New Hampshire votes to kill anti-trans bill after powerful testimony from transgender teen athlete

Trans athlete, Maelle Jacques, during her testimony.

A transgender high school athlete has told a New Hampshire state legislature that she did not join women’s sports with the goal of “dominating competition” in powerful testimony.

16-year-old trans high jump state champion, Maelle Jacques, told politicians that sports had become a place that allowed her to “be seen as normal,” and that rescinding her right to compete would be devastating.

“If banned from sports teams and locker rooms, joining male teams wouldn’t be a choice for me,” she said.

Her speech came during a Tuesday (23 April) debate on a bill which would have forced New Hampshire trans athletes to compete in male-only competitions.

During the Education Committee vote, Jacques said that she was in opposition to the bill, as it would stop her from enjoying something she has loved “throughout my entire life.”

“Playing soccer since the age of three, when I began my transition in the sixth grade my school welcomed me into the girls’ team,” she said.


“Being part of the team allowed me to be seen as normal, where everywhere else I could be perceived as a pariah.”

She continued that she didn’t join sports “with the goal of dominating competition or being better than anyone else,” but to feel a sense of belonging.

“No one would go through the bullying and self hatred of transition purely to win a sport, especially woman’s sports, which are under-appreciated in our nation.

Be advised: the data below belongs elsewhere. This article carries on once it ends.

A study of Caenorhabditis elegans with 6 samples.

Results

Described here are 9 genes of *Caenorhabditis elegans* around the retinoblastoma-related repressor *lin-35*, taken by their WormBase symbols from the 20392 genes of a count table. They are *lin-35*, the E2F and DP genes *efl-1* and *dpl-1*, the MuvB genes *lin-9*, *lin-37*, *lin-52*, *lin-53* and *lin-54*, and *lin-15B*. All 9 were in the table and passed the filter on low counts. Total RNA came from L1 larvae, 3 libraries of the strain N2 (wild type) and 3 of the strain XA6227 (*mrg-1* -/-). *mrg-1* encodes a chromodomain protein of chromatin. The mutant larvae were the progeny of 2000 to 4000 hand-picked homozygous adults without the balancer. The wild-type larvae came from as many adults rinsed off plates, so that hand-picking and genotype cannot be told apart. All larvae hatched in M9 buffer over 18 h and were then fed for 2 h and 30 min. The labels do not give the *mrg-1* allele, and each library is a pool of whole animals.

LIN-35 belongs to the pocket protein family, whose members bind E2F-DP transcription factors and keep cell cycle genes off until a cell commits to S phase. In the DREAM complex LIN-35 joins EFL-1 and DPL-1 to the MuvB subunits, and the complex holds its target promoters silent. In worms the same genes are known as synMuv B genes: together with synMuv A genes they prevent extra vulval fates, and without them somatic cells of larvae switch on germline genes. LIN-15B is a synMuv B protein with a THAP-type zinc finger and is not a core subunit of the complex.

“I joined because it is something I am passionate about and enjoy.”

New Hampshire votes to kill sports bill

Following Maelle Jacques and testimony from several other people, the bill was killed by the Education Committee in a 19-1 vote.

A similar bill, HB 1205, is still in processing after passing through the House in March, according to local outlet, Seacoast Online. It would explicitly prohibit transgender girls from entering female locker rooms and block them from competition.

Committee chairman and Republican representative, Rick Ladd, said the bill was shot down because the House bill has already passed, and the newly implemented bill extends its remit, which he said the GOP “did not support when we passed our initial bill.”

New Hampshire state capitol.
New Hampshire state capitol. (Getty)

Republican Mike Belcher, said: “I don’t mind the idea of telling colleges and universities what we need to be doing on this, but my hang-up here is that in this bill, there is an exception that allows young women to participate on boys’ teams.

“I believe that is somewhat inconsistent with the goal of preventing injury,” he said, commenting on trans men participating in male competition. “I also think boys’ sports deserve to be protected.

Democratic House representative David Luneau said the bill, and those like it, should be thrown out of New Hampshire state legislature entirely.

“We think [the bill] doesn’t have any place, doesn’t have any business in New Hampshire,” he said. “And frankly, what we heard from almost 40 people yesterday that, hey, these kids just want to play and be part of the team.”